Many people are squeamish around needles and rightfully so! Watching a sharp medical tool penetrate your skin is alarming and has the ability to make even the toughest person feel a bit woozy.
A fear of needles and a general fear of pain are a few of the big reasons why people decide against Botox treatments. Even if a patient could greatly benefit from Botox injections, the anxiety of facing is discomfort outweighs any possible advantages.
That’s why it’s important to dispel the myths around Botox so more patients can experience its awesome benefits!
For starters, what is Botox exactly? In science-speak, Botox is made from the toxin produced by a bacterium called clostridium botulinum. If that last word sounds familiar, that’s because it’s the same toxin that causes a type of food poisoning called botulism. But don’t worry, Botox is completely safe and effective when used in small doses. In fact, Botox was the most popular cosmetic surgery treatment available in 2015, with more than more than 6.7 procedures.
How does Botox work? Botox works by reducing the activity of muscles in the face that overtime lead to fine lines and wrinkles. By blocking nerve signals to that cause muscles to contract, the injected muscle will relax and soften.
In addition to reducing the cosmetic appearance of fine lines and wrinkles, FDA-approved uses for Botox include treating chronic migraines, severe underarm sweating, muscle spasm, and some eye conditions.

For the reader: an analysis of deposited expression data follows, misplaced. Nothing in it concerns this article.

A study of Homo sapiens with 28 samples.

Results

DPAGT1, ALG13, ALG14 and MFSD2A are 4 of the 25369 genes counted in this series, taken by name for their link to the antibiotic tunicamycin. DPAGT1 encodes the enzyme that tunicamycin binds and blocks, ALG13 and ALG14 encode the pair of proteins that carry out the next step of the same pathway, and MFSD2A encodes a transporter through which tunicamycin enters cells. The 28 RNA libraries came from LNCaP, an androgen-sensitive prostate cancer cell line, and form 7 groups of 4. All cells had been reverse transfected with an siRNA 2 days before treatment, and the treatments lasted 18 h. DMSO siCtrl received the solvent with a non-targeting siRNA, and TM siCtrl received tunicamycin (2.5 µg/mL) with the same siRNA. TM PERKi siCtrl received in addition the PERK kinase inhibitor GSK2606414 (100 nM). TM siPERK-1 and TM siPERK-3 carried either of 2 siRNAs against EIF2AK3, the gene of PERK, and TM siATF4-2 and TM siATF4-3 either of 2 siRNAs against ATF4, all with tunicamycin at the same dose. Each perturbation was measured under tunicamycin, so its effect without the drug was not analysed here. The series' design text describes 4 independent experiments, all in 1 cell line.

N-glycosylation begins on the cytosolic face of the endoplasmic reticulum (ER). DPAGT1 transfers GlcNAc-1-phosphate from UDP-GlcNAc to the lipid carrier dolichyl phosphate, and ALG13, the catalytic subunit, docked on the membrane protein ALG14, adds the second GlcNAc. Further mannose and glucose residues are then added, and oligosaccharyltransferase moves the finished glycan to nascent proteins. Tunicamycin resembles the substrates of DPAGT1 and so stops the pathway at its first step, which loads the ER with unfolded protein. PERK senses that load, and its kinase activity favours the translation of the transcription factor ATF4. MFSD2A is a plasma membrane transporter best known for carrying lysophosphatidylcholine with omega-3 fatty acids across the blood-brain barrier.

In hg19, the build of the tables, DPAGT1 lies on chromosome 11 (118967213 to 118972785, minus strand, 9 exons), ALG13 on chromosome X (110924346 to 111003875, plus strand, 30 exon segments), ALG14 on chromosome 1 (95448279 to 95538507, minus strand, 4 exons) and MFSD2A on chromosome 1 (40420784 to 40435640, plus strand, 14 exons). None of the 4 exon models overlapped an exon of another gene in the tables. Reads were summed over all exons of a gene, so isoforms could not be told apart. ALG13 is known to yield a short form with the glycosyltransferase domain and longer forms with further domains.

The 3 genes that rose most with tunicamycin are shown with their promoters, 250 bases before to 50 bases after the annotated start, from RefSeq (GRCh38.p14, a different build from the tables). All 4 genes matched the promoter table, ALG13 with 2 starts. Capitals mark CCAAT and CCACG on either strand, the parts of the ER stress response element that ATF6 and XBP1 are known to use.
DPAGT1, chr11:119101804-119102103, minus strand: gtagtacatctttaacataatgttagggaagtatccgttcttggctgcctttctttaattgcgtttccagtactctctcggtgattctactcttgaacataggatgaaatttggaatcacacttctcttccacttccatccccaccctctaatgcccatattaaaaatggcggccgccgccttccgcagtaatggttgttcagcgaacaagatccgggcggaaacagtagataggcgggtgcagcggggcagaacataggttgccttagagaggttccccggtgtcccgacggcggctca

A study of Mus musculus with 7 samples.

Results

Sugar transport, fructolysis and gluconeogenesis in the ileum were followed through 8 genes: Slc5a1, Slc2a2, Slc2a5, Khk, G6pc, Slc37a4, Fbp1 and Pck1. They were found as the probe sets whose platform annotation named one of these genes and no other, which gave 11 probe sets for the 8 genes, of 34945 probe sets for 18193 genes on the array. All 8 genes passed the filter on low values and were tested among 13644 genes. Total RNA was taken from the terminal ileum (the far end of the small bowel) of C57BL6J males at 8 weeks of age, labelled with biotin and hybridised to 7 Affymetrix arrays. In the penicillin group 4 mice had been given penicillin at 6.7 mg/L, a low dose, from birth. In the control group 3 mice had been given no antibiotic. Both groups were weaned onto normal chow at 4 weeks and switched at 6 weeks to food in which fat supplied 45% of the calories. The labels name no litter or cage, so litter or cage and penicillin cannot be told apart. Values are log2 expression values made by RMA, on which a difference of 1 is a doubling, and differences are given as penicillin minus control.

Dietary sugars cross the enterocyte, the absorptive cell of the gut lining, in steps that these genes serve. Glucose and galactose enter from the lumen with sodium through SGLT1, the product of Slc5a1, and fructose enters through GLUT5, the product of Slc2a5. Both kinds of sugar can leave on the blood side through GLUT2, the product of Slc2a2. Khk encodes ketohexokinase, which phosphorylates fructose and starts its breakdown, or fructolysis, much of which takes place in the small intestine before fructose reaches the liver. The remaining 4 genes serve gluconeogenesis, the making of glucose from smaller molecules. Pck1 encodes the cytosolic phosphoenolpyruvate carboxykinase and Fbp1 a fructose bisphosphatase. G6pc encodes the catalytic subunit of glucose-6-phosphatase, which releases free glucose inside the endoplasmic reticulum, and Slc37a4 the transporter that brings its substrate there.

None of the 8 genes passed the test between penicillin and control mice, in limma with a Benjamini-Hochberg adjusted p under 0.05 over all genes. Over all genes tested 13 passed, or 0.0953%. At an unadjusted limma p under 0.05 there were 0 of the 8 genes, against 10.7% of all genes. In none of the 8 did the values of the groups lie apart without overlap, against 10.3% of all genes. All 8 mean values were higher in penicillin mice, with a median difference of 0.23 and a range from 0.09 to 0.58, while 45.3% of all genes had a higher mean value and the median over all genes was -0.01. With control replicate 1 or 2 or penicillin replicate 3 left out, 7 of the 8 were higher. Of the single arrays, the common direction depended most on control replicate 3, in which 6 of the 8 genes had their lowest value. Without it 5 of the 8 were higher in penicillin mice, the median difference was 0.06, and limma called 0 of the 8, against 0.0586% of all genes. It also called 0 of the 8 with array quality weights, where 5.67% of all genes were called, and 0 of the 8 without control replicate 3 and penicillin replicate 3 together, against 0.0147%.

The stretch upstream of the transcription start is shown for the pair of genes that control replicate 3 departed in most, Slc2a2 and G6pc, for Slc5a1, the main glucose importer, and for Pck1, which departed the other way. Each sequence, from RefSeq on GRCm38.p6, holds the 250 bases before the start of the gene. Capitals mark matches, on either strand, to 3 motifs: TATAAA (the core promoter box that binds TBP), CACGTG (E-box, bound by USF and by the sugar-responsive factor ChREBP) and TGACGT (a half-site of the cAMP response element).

So really, does Botox hurt? Like any needle injection, Botox can cause minor discomfort. Because of the varying sensitivities among patients’ skin, you may feel quick pinches of pain with some injections or none at all. Either way, the discomfort is short-lived and will only last a few seconds. The entire treatment only lasts about 5-10 minutes. And if you’re especially worried, the area can be numbed with a topical anesthetic cream or cold pack.
One of the reasons by Botox causes minimal pain is because the needles are very, very small. Most dermatologist, if not all, use needles that are about a 30 gauge. For reference, this needle size is very similar to what diabetics use on a daily basis for their insulin shots.
Anytime you use a needle, there is a slight risk of some light bruising. Your odds of bruising will again depend on your level of skin sensitivity. Just keep in mind that any bruising is not from Botox itself, but from the needle hitting a blood vessel.
The Dermatology Center of Indiana services Frankfort, Kokomo, Lafayette, West Lafayette and Lebanon along with many other cities throughout Indiana. Join us today in one of our locations where you are always welcome!
Disclaim: This blog provides general information and discussion about medical, cosmetic, mohs, and surgical dermatology. The words and other content provided in this blog, and in any linked materials, are not intended and should not be construed as medical advice. If the reader or any other person has a medical concern, he or she should consult with an appropriately-licensed dermatologist or other health care worker.